Flatten a Board Without a Jointer
Not everyone has the space or the money for a large jointer, and small jointers are limiting and often inaccurate. That shouldn't be a barrier to working with rough sawn hardwoods. Here is how I handle flattening rough sawn boards in my shop
I'm going to start with this rough sawn piece of cherry. as you can see it has almost all the defects. Twist, cup, and bow. I don't have a powered jointer, but that's not a problem. The write up here is kind of long, but this process takes me on average 10 to 15 minutes for a board this bad.
Here are the tools I'm going to be using for this task. A jack plane, a holdfast and notched batten (doe's foot) to keep things put on the bench, some shavings, and winding sticks
First off, the easiest way to eliminate defects is to minimize them. This saves time, effort, and material. The board is about 6.5" wide. I only need a 3" wide board. I'm going to rip this before I do anything else.
Before I rip it, I want to get the edge straight. I got lucky here, it's already pretty straight
I'm using my jointer plane here. When I get a full length, full width, unbroken shaving, it's a good indicator my edge is pretty flat. I check to confirm
Because this board is rough still, and the faces are not yet parallel with each other I want to mark the face I used as a reference in case I need to reference it again
Now I' m going to set my panel gauge to about 3 1/4" to strike a line and rip the board. My final thickness needs to be 3", but I will have 2 edges to joint so I want to give myself some breathing room. I strike a line on both faces and the edges with the panel gauge
I'm going to rip this with my 300mm Japanese rip kataba. This saw is extremely aggressive and makes quick work of this task. Starting the cut is really important. I want to make sure I start square
Before I get too deep, I check my line in the front
And check it from the back. I'm good on both faces, so it's time to rip
One "trick" with Japanese saws is to keep as many teeth engaged as you can. It's tempting to just saw horizontally and power through, but that will cause the thin blade to deflect and you will get a wandering cut. I saw at an angle
Now to flatten it. Before I start I have about 1" and a fat 16th to work with. This is 4/4 at the lumber mill I frequent.
I'm going to use those shavings to shim the high parts of the board so it doesn't rock while I plane it. Otherwise I won't be removing the defects, I'll just be making a thinner defective board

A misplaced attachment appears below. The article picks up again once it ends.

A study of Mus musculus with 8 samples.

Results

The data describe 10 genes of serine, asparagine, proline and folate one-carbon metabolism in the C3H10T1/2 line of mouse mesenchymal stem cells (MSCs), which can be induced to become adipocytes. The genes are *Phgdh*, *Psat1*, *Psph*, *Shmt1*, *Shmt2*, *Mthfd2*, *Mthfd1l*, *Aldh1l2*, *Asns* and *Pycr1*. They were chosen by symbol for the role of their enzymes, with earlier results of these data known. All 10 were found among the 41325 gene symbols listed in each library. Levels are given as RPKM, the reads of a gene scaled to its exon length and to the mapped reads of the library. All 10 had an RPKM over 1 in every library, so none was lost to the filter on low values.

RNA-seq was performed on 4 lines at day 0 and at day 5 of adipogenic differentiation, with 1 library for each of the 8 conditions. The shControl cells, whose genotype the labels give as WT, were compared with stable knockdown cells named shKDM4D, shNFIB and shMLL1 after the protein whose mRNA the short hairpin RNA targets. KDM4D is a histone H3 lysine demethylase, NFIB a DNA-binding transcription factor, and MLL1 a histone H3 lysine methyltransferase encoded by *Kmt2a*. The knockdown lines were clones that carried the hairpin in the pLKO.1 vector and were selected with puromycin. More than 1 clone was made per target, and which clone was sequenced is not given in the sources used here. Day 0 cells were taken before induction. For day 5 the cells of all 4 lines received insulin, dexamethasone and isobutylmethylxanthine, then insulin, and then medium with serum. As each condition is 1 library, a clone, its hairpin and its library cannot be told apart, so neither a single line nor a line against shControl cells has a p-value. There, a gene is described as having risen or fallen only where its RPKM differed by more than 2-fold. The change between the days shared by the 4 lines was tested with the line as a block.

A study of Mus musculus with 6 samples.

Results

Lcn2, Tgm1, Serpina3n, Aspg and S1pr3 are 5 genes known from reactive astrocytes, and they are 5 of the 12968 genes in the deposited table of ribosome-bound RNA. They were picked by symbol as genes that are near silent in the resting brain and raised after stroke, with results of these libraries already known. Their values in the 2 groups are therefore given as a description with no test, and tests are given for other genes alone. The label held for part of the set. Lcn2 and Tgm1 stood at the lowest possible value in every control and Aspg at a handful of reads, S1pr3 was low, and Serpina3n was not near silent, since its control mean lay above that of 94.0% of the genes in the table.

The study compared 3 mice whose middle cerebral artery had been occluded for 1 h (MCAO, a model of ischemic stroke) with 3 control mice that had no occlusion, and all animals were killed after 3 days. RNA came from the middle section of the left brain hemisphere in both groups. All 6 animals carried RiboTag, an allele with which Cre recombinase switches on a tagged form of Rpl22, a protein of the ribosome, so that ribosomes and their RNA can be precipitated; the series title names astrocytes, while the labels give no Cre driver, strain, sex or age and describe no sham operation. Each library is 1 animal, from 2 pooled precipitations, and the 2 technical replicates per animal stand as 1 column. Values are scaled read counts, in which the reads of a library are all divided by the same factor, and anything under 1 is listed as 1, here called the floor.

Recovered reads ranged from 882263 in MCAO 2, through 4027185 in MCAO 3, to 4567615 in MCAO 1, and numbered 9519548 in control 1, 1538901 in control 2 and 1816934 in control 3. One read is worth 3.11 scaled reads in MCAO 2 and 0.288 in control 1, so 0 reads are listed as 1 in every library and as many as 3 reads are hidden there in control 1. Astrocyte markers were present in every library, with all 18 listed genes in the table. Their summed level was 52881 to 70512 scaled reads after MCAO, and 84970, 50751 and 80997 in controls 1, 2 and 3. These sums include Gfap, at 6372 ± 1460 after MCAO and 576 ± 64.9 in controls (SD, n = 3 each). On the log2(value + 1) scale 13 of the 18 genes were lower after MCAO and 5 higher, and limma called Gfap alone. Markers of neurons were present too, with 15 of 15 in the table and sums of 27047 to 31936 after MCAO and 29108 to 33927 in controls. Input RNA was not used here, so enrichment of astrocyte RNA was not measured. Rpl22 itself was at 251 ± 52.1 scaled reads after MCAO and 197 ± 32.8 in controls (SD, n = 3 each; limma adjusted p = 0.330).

These are winding sticks. they are moderately fancy. All your really need is two boards that are the exact same height and length. Many people use angle iron or even a 2x4. I have a contrasting strip at the top to make them more visible. I place them on the board with the contrasting strips facing eachother
Here is how they work. With the sticks at each end of the board. I crouch down and line up the edges. In a perfect world, the edges would be even with each other. You can see here that they are not
The arrows are pointing to where the board is high. Now if I plane from those two points, I will work out the defects
I highlighted in red the path I'm going to take with the plane.
Now you can see where the red is missing. These were the high spots where the board had twisted. I take a few passes diagonally and check again
Now when I sight down the winding sticks, they are parallel with each other. The reveal between them is perfectly even. I've removed the twist
.... Well sort of. I now move the winding sticks closer to each other and the center of the board and keep checking. There is more twist. I mark where the winding sticks are
The black pencil is my new planing path. I take a few passes like before and repeat the process
Then I clean off the bench. Of note, I keep my bench flat and check it often. If your bench isn't flat, do this against a known flat surface in your shop. I flip the board over so the side I was working on is against the bench. I then see if I can get the board to rock back and forth or side to side at all. If it lays flat and stays flat while I poke at it, I'm done
You can see there is still a lot of pencil left. This is because it's cupped. If you have a powered planer, this doesn't matter unless the board is really thin. I do have a powered planer so I'm going to send it through, this side down
I take light passes at first and make sure I'm not introducing more defects by checking for flat every few passes. Once this face is flat, I flip it over and fully flatten the face I took the twist out of earlier. Then I can take it to final dimensions
After all that I only lost 1/16th of thickness.
But because I flattened my reference face, the edge I jointed before is no longer square. I expected this to happen which is why I ripped the board wider than I needed to be initially
I jointed it the same way I did before and make sure it's flat and square
The final step is bringing the other edge in parallel on the tablesaw. Now I have an S4S board that is perfectly flat and square; and the edges and faces are perfectly parallel to each other. This will make joinery tasks much easier and save a lot of errors and mistakes going forward.